Taking the Long View
When I look back at the photos from my trip to the Grand Canyon, I can’t imagine what it would be like to drop an industrial oil operation in the midst of that type of unmarred landscape.February 6th, 2009 | by Andrea Perera
Last winter, my husband and I took our annual trip to see our parents out West. I’m from Southern California and John’s parents moved out to Arizona a few years ago. So, we can usually see both sets within a couple weeks. And, luckily for us, the trips usually bring warmth and beauty into our lives during Boston’s dreary winters; we spend our time road tripping to places like the Grand Canyon, Sedona, and Big Sur.
I was thinking about that trip yesterday morning when reading the news that the new Interior Secretary Ken Salazar has cancelled oil and gas leases on 77 parcels of federal land in southeastern Utah. This move reverses the Bush administration’s decision to allow drilling on about 130,000 acres near Nine Mile Canyon, Arches National Park, and Dinosaur National Monument. When I look back at the photos from my trip to the Grand Canyon, I can’t imagine what it would be like to drop an industrial oil operation in the midst of that type of unmarred landscape. As Rep. Brian Baird (D-Wash.), who grew up in Colorado across the border from southeastern Utah and opposes the leasing in Utah, told the Washington Post, “you can stand on a millions-of-years-old sandstone outcropping and see forever, it seems, and not hear a sound. That experience is very rare in this world.”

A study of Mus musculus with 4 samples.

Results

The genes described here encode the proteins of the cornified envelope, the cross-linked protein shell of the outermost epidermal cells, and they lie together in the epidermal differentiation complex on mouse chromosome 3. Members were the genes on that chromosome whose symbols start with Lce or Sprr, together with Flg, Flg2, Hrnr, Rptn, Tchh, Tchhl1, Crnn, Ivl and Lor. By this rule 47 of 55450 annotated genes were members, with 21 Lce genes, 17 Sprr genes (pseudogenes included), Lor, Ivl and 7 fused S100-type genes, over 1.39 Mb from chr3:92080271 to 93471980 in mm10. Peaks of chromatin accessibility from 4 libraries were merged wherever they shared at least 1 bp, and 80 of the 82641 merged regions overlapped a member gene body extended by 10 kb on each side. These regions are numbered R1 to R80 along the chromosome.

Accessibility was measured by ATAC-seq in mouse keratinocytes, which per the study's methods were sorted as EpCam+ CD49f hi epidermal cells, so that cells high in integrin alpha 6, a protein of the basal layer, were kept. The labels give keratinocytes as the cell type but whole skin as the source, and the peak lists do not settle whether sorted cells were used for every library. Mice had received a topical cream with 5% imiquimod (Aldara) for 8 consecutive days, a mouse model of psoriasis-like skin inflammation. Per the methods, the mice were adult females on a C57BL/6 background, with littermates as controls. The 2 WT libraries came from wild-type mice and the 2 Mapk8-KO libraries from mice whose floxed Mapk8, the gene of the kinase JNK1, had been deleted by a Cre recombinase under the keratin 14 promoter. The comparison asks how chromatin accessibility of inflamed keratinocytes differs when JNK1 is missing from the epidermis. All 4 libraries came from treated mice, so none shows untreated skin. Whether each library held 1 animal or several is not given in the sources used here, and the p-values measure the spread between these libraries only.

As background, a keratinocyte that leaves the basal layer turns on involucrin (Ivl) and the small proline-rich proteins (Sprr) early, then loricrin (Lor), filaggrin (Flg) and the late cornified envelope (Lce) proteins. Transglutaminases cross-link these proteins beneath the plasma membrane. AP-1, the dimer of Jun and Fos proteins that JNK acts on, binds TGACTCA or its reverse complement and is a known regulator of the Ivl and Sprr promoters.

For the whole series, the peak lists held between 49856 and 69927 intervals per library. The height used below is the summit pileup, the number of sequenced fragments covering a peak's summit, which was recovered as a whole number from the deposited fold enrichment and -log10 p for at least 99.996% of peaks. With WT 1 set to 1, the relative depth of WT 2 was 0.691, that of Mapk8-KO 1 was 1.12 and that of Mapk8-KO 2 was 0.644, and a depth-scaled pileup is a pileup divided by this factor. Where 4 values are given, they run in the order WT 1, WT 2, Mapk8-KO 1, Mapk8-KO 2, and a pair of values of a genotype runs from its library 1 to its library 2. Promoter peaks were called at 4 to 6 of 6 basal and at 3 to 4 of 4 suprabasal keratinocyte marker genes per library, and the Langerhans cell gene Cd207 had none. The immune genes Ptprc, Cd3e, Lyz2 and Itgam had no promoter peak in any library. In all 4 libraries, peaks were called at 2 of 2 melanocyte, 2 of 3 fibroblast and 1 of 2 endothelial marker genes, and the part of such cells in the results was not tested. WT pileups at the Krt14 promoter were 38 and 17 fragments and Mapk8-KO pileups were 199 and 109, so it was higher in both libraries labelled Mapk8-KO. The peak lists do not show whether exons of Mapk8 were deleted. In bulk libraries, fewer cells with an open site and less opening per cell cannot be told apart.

But beyond the inherent beauty of these places, I’ve met people like Carrie Dann of the Western Shoshone who live in and around Elko, Nevada and have fought an ongoing battle to protect their own site, Mt. Tenabo, from the threat of gold mining. Oil, gas, and mining companies may see our national parks and heritage sites as areas of untapped resources, but to many of the people who visit these places or have lived near them for generations, their cultural significance outweighs their revenue potential. Perhaps compromises can be struck to obtain new natural resources and protect important sites, but those conversations should really happen between the companies and the nearby communities themselves.
For now, I’m struck by the significance of Secretary Salazar’s decision so early on in President Obama’s term. As a colleague said when responding to an email about Salazar’s decision, “Now this is a change I can believe in.”
To learn more about Oxfam America’s Right to Know, Right to Decide campaign on oil, gas, and mining, go to www.oxfamamerica.org/rights-resources.